Court issues procedural ruling in Southern Coal, Xcoal court case

A federal judge in Virginia on Oct. 26 issued a procedural ruling in a case where the Southern Coal Sales unit of coal operator Jim Justice II had sued coal marketer XCoal Energy & Resources for allegedly not taking full contract volumes of metallurgical coal that Xcoal was to buy and then re-sell on the export market.

Judge James Turk in the U.S. District Court for the Western District of Virginia was ruling Oct. 26 on a motion from Xcoal and related parties to dismiss counts II and III of the Southern Coal Sales complaint.

They moved to dismiss the fraud claim in Count II on two grounds. First, they argued that the plaintiff failed to plead fraud with the particularity required by court rules. Second, they contended that plaintiff had failed to plead an actionable fraudulent statement because the alleged misrepresentations made by defendant Ernie Thrasher, the head of Xcoal, are not statements of existing material facts but instead, are either trade talk or “puffery” or pertain only to defendants’ intentions to perform the contract. Accordingly, the defendants argue that the statements cannot support a fraud claim under Virginia law.

Defendants also moved to dismiss plaintiff’s duress claim on the grounds that it has not been adequately pled and that duress cannot be asserted as an independent claim, particularly in the absence of any request for relief in the form of the voiding of a contract.

In March and June 2011, SCS and Xcoal entered into a series of purchase orders. Under the purchase orders, Xcoal was obligated to purchase from SCS approximately 3.91 million tons of coal and to pay SCS over $560m for the coal, with a delivery period ending March 2012. Xcoal, however, routinely refused to accept delivery of the contractually designated volumes of this coal, SCS said.

Count II of the complaint alleges a fraud claim. ln that claim ,SCS alleges that, during the negotiations between SCS and Xcoal regarding the possible sale of coal, Thrasher inquired as to how many tons of metallurgical and soft coking coal SCS had available for sale and that Thrasher represented he could sell all of it. The lawsuit’s Count II said Thrasher with these statements fraudulently induced SCS to sign the purchase orders.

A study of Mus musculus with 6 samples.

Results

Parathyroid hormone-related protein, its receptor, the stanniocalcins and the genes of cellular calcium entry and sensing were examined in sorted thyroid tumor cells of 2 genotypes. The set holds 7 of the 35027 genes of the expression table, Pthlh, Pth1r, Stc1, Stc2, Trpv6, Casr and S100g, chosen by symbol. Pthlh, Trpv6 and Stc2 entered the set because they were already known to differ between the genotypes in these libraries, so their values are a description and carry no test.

“The Court disagrees with Defendants’ characterization of the allegedly fraudulent statements,” the judge ruled. “Contrary to Defendants’ assertions, not all of the statements are statements regarding an intent of future performance, or mere ‘trade talk’ or ‘puffery.’ Instead, at least one of the alleged misrepresentations – Mr. Thrasher’s statement that he ‘had just returned from Asia and had contracts for delivery and therefore he could pay SCS for its coal product the stated prices which became part of the purchase orders’ – is a statement of a present material fact.”

The judge added: “While it may have induced SCS to enter into the contracts with Defendants, and while it may have led them to believe that Defendants had the capability to meet its promises under the contract, the statement by Thrasher that he ‘had contracts for delivery’ is a statement that (as alleged) was ‘false when made.’ It is not one that only became false when the promisor failed to keep his word. If false, it could support a claim for fraudulent inducement. Accordingly, the Court determines that amendment would not be futile, and that Plaintiff will be permitted to amend its Complaint as to its fraud claim.” So the judge dismissed Count II without prejudice, meaning SCS could amend and re-file it.

In Count III, SCS asserted a claim of duress, alleging that defendants improperly exerted duress in order to get SCS to agree to amend the purchase orders, after they were originally worked out, to extend the delivery period under those contracts. ln their written motion, defendants contended that the complaint failed to allege facts sufficient to support a duress claim and thus that it is subject to dismissal. Notably, however, the two cases upon which defendants rely were both decided at the summary judgment stage, not on a motion to dismiss, the judge wrote.

“Defendants raised an additional argument for the first time at the hearing, arguing that typically, the only relief that can be afforded as a result of a duress claim is the voiding of a contract (here, presumably that would be the voiding of the amendments to the purchase orders, which were the contracts alleged to have been executed as a result of duress),” the judge wrote. “Defendants correctly note, however, that Count III does not request relief in the form of voiding the Amendments to the Purchase Orders, but instead seeks compensatory damages. Because this issue was not raised in Defendants’ written motion, however, and Plaintiff has not had the opportunity to respond to it in writing, the Court declines to grant relief on this ground. Plaintiff may wish to consider Defendants’ arguments when drafting its Amended Complaint, and the Court will entertain a subsequent motion to dismiss on this ground, should the Amended Complaint seek relief on a duress claim other than avoiding of the amendments.”

About Barry Cassell 20414 Articles
Barry Cassell is Chief Analyst for GenerationHub covering coal and emission controls issues, projects and policy. He has covered the coal and power generation industry for more than 24 years, beginning in November 2011 at GenerationHub and prior to that as editor of SNL Energy’s Coal Report. He was formerly with Coal Outlook for 15 years as the publication’s editor and contributing writer, and prior to that he was editor of Coal & Synfuels Technology and associate editor of The Energy Report. He has a bachelor’s degree from Central Michigan University.